Cirrhosis in Children | Diagnosis & Treatments

How is cirrhosis diagnosed?

Doctors usually base a diagnosis of cirrhosis on a combination of symptoms, medical history, physical exam, and blood tests. In some cases, the doctor may order a liver biopsy to confirm the diagnosis and determine how badly the liver is damaged.

In some cases, doctors use a system called the CTP or Child-Turcotte-Pugh ("Child") score to measure the severity of a child's cirrhosis. This scoring system, named for the surgeons who developed it, can provide a helpful picture of the status of a child's liver and other changes in the body caused by cirrhosis.

How is cirrhosis treated?

In most cases, there is no way to cure cirrhosis. Children with cirrhosis typically need ongoing care for the rest of their lives. The main goal of treatment is to protect the liver from further scarring and address the underlying medical condition that damaged the liver.

While the specific treatment may vary, healthy eating and regular monitoring are important for any child with cirrhosis.

Healthy eating

Because of the liver's important function in helping the stomach absorb nutrients, healthy eating is doubly important for children with cirrhosis or any other liver disease. The child's doctor may also prescribe caloric supplements or special formulas to promote healthy weight gain and development.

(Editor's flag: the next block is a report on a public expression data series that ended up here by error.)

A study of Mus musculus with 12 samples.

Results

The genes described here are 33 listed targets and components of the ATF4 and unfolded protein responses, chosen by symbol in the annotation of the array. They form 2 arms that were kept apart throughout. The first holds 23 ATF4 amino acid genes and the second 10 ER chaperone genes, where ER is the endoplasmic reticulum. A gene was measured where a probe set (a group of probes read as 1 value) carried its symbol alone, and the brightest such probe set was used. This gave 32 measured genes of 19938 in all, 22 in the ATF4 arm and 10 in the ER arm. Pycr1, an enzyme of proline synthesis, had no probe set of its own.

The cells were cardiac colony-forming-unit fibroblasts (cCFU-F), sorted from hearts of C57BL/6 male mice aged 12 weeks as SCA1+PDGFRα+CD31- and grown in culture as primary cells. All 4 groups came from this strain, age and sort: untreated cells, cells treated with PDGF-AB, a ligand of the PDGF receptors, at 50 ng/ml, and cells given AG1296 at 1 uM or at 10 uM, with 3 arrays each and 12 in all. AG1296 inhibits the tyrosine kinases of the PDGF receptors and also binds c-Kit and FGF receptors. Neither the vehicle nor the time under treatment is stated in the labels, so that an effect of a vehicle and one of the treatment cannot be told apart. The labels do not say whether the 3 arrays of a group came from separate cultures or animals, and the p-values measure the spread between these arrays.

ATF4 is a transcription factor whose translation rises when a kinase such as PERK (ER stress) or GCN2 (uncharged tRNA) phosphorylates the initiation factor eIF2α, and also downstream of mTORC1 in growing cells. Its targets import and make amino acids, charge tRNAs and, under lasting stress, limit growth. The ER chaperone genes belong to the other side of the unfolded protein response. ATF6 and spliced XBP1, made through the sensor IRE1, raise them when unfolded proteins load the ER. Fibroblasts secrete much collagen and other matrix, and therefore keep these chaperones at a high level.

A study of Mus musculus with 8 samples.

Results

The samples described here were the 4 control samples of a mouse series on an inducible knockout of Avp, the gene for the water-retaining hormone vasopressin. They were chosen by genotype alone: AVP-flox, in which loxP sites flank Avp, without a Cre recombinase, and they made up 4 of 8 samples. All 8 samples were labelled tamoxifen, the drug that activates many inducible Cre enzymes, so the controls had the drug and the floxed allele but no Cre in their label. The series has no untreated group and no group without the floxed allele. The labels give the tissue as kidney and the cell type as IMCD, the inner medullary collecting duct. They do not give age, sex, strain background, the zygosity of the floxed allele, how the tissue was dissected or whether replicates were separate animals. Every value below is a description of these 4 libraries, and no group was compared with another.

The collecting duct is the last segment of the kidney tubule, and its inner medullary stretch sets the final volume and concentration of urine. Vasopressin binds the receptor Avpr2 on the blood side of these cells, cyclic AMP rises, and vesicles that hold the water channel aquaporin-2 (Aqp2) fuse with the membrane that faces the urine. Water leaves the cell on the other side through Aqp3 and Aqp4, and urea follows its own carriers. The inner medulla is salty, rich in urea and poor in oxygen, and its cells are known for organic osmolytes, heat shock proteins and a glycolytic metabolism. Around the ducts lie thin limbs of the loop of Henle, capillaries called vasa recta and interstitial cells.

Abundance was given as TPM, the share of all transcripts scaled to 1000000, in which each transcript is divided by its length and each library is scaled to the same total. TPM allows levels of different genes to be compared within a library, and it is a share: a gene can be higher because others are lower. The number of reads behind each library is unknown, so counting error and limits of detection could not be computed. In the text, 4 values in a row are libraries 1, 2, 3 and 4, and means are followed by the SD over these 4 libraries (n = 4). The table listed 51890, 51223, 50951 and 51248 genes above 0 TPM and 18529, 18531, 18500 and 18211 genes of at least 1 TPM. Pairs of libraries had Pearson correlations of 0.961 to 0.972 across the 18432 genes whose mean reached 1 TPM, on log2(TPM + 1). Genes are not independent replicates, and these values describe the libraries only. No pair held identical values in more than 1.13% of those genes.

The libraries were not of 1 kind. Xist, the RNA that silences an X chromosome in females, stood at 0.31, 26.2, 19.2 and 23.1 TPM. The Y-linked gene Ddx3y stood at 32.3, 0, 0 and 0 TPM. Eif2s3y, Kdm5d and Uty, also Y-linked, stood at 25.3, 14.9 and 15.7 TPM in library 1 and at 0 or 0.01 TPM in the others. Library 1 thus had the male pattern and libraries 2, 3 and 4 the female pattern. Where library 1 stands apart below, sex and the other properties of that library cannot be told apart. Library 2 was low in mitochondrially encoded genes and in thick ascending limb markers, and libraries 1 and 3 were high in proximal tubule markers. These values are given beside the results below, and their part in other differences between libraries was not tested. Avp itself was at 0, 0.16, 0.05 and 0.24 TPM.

Regular monitoring

Cirrhosis can lead to complications in many organs and systems in the body. Regular checkups and monitoring enable clinicians to keep a close eye on the child and treat complications early. This may include:

  • diuretics to reduce swelling in a child's legs or abdomen
  • regular screening for esophageal varices (enlarged veins on the lining of the esophagus)
  • regular screening for portal hypertension or hepatopulmonary syndrome

Cirrhosis and medication

It is important to talk to a child’s pediatrician before giving the child any new medications or supplements. This even includes vitamins.

A damaged liver cannot break down medicine as quickly as healthy liver, so prescription drugs, over-the-counter drugs, and vitamin or herbal supplements may be more potent for a child with cirrhosis. Other times, the damaged liver may not convert the medicine or supplement into an active form.

Liver transplant

Two of the most serious risks of cirrhosis are liver failure and liver cancer. If either of these conditions develops, the child may need a liver transplant.